Lawyers “need to unbundle services” to compete with online providers

Online competition: ABA says unbundling will also help improve access to justice

Lawyers should offer ‘unbundled’ legal services to the public in order to improve access to the law – and also to compete with online document assembly services like Rocket Lawyer and LegalZoom, the American Bar Association (ABA) has said.

As well as improving access to justice for a rising number of self-represented litigants, it said unbundling services into more affordable chunks would help lawyers expand their client base.

Last week the association’s policy-making House of Delegates adopted a resolution on encouraging “limited scope representation”. Underlying the resolution, its sponsors said, was the “need for self-help alternatives to facilitate access to competent legal services” that has arisen from “a growing trend of self-representation”.

However, while limited scope representation is a “cost-effective solution” to the problem, research has shown that the people who would benefit from it most are not aware of the option, and neither do practitioners have clear guidance on how to go about it.

In a detailed overview to their report, the sponsors said: “Research clearly indicates that a growing number of people are foregoing the assistance of lawyers when confronted with a civil legal issue and are addressing their matters through self-representation. In many instances, people are turning to self-help alternatives, such as document preparation services available over the Internet.”

It said the advantage of unbundling to lawyers in private practice is that they can “charge their full rate, expand their client base because the cost per case is more affordable, and effectively compete with document preparation services”.

The likes of online document businesses LegalZoom and Rocket Lawyer are both well-known US brands, with Rocket Lawyer now established in the UK, with LegalZoom to follow after striking a deal with QualitySolicitors.

Without naming either, the report recorded the scale of the competition. “Online legal service providers are sometimes backed with millions of dollars in venture capital. One company advertises that over 15 million individuals and businesses have used their services. Another touts that it has over two million satisfied customers.”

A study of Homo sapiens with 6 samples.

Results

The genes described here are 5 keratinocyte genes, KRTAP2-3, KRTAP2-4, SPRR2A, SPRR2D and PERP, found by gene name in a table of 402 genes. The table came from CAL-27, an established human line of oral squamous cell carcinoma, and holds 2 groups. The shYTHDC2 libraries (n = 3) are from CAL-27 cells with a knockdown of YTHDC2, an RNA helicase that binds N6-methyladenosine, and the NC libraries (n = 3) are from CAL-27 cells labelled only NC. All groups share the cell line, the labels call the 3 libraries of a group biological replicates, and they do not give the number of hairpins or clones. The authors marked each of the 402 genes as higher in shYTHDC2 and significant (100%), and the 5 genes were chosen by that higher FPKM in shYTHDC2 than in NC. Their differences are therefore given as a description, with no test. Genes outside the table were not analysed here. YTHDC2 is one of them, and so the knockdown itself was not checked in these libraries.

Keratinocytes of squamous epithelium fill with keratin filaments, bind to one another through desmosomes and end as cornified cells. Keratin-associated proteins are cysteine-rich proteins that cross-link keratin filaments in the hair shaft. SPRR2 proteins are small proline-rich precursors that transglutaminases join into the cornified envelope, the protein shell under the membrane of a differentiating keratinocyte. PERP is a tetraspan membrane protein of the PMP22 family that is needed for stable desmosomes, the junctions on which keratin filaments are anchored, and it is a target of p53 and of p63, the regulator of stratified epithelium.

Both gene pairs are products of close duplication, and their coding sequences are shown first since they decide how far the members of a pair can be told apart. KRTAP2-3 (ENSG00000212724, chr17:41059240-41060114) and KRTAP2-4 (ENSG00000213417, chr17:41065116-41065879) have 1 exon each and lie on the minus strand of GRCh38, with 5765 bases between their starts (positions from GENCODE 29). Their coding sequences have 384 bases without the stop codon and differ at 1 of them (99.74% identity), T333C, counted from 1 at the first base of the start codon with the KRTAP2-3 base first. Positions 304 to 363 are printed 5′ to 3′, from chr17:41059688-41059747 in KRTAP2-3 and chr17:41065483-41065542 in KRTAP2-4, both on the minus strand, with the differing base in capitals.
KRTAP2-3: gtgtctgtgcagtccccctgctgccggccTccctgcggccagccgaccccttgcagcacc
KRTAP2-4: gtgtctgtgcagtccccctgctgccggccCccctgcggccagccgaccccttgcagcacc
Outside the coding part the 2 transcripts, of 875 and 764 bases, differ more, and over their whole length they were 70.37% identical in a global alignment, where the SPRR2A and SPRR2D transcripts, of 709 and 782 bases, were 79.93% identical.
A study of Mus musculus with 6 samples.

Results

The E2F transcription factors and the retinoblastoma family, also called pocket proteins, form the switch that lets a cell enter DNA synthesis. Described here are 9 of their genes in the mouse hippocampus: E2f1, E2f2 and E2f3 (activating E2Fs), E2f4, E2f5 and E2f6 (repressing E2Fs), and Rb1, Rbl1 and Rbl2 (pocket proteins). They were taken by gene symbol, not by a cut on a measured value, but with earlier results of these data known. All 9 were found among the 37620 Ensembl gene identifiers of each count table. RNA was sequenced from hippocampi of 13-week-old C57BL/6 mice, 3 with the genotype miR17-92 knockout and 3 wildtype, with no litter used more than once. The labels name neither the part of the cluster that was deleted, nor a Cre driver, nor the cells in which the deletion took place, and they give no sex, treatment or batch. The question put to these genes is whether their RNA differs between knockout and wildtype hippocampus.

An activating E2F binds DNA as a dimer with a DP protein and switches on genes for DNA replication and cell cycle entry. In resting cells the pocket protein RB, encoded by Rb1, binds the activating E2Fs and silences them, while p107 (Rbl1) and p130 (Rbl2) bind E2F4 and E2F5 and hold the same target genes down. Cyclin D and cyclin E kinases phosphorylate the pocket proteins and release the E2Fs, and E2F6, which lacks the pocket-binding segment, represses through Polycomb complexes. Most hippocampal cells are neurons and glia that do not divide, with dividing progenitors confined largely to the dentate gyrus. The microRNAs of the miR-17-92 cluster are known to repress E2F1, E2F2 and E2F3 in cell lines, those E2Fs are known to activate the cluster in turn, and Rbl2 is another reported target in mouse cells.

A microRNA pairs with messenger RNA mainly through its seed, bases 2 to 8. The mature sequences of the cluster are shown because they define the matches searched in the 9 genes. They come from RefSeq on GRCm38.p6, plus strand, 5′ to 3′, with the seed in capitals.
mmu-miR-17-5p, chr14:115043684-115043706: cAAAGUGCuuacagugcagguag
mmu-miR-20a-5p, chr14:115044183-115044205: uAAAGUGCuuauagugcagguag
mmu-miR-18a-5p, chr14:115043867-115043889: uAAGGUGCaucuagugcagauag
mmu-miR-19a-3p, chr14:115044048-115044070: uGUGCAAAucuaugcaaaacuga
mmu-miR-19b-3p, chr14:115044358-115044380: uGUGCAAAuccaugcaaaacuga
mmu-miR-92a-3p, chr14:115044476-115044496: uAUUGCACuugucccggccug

Summarising the resolution, its sponsors said it would “encourage practitioners to consider limiting the scope of their representation, including the unbundling of legal services, when appropriate, as a means of increasing access to legal services.”

Unbundling was defined as the lawyer and client agreeing that the lawyer will provide some, but not all, of the work involved in traditional full service representation. “Simply put, the lawyers provide only the agreed upon tasks, rather than the whole ‘bundle’, and the clients perform the remaining tasks on their own.”


    Readers Comments

  • Erika Daniel says:

    I do unbundle sometimes, when appropriate, but not all cases are suitable even though a client may want to do so. A solicitor should always act in the best interests of their client, even if that means sometimes declining to act on a bundle basis. There may be some fruitful litigation comming up following all this “self help online lawyering”. Online has its part to play in the provision of legal services, but its never going to achieve the quality of personlal consultation with a qualified professional. With current technology that consultation may be online and that is where online services have their place.

  • Peter Browne says:

    Now closed on my recent retirement, my firm has offered a form of unbundling which we called “The Law Shop” since 1995.
    We asked all clients to chose between a “Law Shop” self-help service and a traditional Representation service. The Law Shop service included a range of self-help facilities, for example, providing free information and selling guide-sheets, legal forms and kits. The Law Shop option also provided face-to-face advice sessions with a qualified lawyer priced in 5 minute units.
    The boundary between Law Shop and Representation was that Law Shop did not include advocacy or communication with third parties; or communication with, or work for, the client outside an advice session with the client present and paying on the spot.
    Clients could opt to change from Law Shop to Representation at any time. But they could not use both modes for the same case at the same time, otherwise the boundary was impossible to maintain.
    By providing advice-only in Law Shop mode we were able to avoid the front-loaded costs of taking on a client for Representation and we could charge for advice at a lower hourly rate. Clients were pleased to cut costs and take control of simple cases, while we found the mentoring role very satisfying. A large number of new clients coming for advice-only were introduced to the practice. We stopped giving any free advice.
    Our system caused no regulatory or insurance problems in its 17 years of operation.
    One could argue that it’s not acting in the client’s best interests for a solicitor to charge for an expensive representation service without offering the client the option of assisted self-help where possible.